Myth #1

If I build in a National Register historic district I have to apply the same architectural style to my new home as what exists in the district.  I can’t build a contemporary home in a National Register Historic district…….

Wrong!   Especially in a National Register historic district like Laurel Park that has no one era or year of historical importance.  The neighborhood developed over decades (1920-1957) as did its architectural styles.   New construction offers an exceptional opportunity to add yet another type of architecture and new character.


Photo credit:


An exceptional new home in Laurel Park sensitively scaled to its neighbors.


Myth #2

National Register Districts restrict a property owner…………..

Wrong!  Designation as a National Register historic district is honorific. It is our country’s way of recognizing significant sites and neighborhoods throughout the United States that merit preservation.

National Register district designation does not protect or preserve a property.   It places no restrictions on the properties within a district. Owners are free to build, remodel, renovate, sell or even demolish their structures.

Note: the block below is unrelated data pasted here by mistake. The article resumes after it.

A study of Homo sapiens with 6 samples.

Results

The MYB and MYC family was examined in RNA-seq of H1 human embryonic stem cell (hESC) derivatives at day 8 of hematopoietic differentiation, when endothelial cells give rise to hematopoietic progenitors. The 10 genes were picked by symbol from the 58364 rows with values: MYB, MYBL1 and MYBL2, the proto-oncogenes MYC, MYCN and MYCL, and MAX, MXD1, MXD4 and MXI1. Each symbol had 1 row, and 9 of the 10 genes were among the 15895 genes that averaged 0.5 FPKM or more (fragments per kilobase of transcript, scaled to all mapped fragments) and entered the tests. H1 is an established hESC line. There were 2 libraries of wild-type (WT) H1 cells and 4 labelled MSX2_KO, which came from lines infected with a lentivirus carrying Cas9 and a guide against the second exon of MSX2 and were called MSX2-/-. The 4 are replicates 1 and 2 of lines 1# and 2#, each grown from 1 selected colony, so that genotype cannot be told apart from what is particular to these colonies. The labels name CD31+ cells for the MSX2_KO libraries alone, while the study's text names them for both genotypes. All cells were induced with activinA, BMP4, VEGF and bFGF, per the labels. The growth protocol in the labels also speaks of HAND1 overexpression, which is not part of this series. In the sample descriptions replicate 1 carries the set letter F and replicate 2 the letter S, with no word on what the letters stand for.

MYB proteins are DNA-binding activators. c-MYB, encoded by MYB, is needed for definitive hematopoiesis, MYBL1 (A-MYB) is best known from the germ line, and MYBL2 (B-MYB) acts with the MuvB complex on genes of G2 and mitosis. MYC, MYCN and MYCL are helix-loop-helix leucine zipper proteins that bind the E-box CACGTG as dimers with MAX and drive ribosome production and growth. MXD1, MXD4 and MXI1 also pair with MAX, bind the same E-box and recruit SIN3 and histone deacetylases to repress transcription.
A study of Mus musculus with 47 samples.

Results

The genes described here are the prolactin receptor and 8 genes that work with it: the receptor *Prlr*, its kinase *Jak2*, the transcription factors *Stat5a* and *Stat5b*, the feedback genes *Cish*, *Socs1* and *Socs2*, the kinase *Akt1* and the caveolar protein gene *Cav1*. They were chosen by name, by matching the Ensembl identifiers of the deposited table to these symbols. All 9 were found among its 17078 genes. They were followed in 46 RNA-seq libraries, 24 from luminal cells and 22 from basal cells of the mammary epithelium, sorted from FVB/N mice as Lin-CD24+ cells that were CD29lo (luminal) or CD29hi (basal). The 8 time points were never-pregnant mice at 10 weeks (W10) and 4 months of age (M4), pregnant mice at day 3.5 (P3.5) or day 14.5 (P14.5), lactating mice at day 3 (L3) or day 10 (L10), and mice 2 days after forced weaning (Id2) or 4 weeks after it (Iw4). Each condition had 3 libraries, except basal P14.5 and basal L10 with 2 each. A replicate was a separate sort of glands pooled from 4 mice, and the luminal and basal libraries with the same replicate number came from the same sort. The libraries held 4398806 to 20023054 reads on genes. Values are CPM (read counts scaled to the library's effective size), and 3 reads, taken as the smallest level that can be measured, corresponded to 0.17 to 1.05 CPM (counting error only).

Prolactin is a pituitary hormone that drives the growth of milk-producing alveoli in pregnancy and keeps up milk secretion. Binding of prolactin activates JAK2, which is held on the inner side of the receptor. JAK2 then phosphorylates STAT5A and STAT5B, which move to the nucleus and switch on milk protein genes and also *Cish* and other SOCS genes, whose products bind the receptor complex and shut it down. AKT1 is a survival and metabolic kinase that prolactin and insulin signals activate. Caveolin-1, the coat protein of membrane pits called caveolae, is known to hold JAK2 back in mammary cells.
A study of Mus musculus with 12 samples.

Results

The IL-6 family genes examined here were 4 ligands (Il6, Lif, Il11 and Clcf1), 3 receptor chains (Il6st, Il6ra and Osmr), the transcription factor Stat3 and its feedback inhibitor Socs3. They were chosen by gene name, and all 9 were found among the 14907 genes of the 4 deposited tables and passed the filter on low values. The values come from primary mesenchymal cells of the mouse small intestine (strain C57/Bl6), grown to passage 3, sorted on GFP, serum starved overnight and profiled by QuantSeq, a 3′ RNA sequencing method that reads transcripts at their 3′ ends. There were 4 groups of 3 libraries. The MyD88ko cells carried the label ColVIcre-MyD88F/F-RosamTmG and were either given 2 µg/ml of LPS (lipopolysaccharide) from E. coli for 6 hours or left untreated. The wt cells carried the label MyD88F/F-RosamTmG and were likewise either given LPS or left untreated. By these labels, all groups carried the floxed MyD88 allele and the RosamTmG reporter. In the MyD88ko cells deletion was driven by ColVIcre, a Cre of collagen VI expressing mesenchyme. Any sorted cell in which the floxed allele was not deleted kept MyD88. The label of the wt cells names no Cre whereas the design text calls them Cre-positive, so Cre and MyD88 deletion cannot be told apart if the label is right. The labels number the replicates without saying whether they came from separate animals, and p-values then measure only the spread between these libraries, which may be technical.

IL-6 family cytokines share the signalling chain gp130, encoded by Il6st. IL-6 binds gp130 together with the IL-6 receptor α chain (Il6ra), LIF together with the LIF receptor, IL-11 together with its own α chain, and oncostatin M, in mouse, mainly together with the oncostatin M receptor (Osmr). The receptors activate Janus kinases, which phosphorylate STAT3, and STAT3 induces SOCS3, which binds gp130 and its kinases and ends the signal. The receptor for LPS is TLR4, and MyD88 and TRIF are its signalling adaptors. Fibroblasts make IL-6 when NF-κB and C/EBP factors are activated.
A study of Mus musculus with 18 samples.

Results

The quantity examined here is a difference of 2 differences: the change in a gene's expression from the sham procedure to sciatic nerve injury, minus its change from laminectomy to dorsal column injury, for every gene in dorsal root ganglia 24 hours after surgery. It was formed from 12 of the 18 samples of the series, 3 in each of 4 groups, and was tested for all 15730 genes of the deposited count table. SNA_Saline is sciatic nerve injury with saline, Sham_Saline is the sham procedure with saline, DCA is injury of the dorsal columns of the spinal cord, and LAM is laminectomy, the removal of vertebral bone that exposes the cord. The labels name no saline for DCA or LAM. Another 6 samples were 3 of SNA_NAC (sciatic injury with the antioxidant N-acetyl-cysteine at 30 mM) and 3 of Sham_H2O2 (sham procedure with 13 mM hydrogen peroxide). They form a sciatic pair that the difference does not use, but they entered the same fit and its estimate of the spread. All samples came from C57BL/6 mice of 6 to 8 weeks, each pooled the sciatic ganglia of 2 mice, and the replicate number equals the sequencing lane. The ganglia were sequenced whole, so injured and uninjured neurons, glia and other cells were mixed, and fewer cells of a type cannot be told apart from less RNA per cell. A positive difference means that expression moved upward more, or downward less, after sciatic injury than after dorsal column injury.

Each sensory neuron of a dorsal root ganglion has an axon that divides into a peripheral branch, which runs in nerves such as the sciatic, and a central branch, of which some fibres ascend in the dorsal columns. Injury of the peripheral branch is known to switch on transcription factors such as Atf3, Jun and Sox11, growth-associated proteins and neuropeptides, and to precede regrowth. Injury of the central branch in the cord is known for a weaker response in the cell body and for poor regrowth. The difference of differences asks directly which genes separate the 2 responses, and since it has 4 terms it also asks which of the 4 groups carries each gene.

Regulations and restrictions on changes to a historic property come from state and or local governments adopting statutes or ordinances and designating National Register districts as “local” historic districts.


In Sarasota, Florida there are eight National Register of Historic Places districts  within  the city.  Of those eight, only one, Rigby’s La Plaza District, is designated a local district and regulated by city ordinance.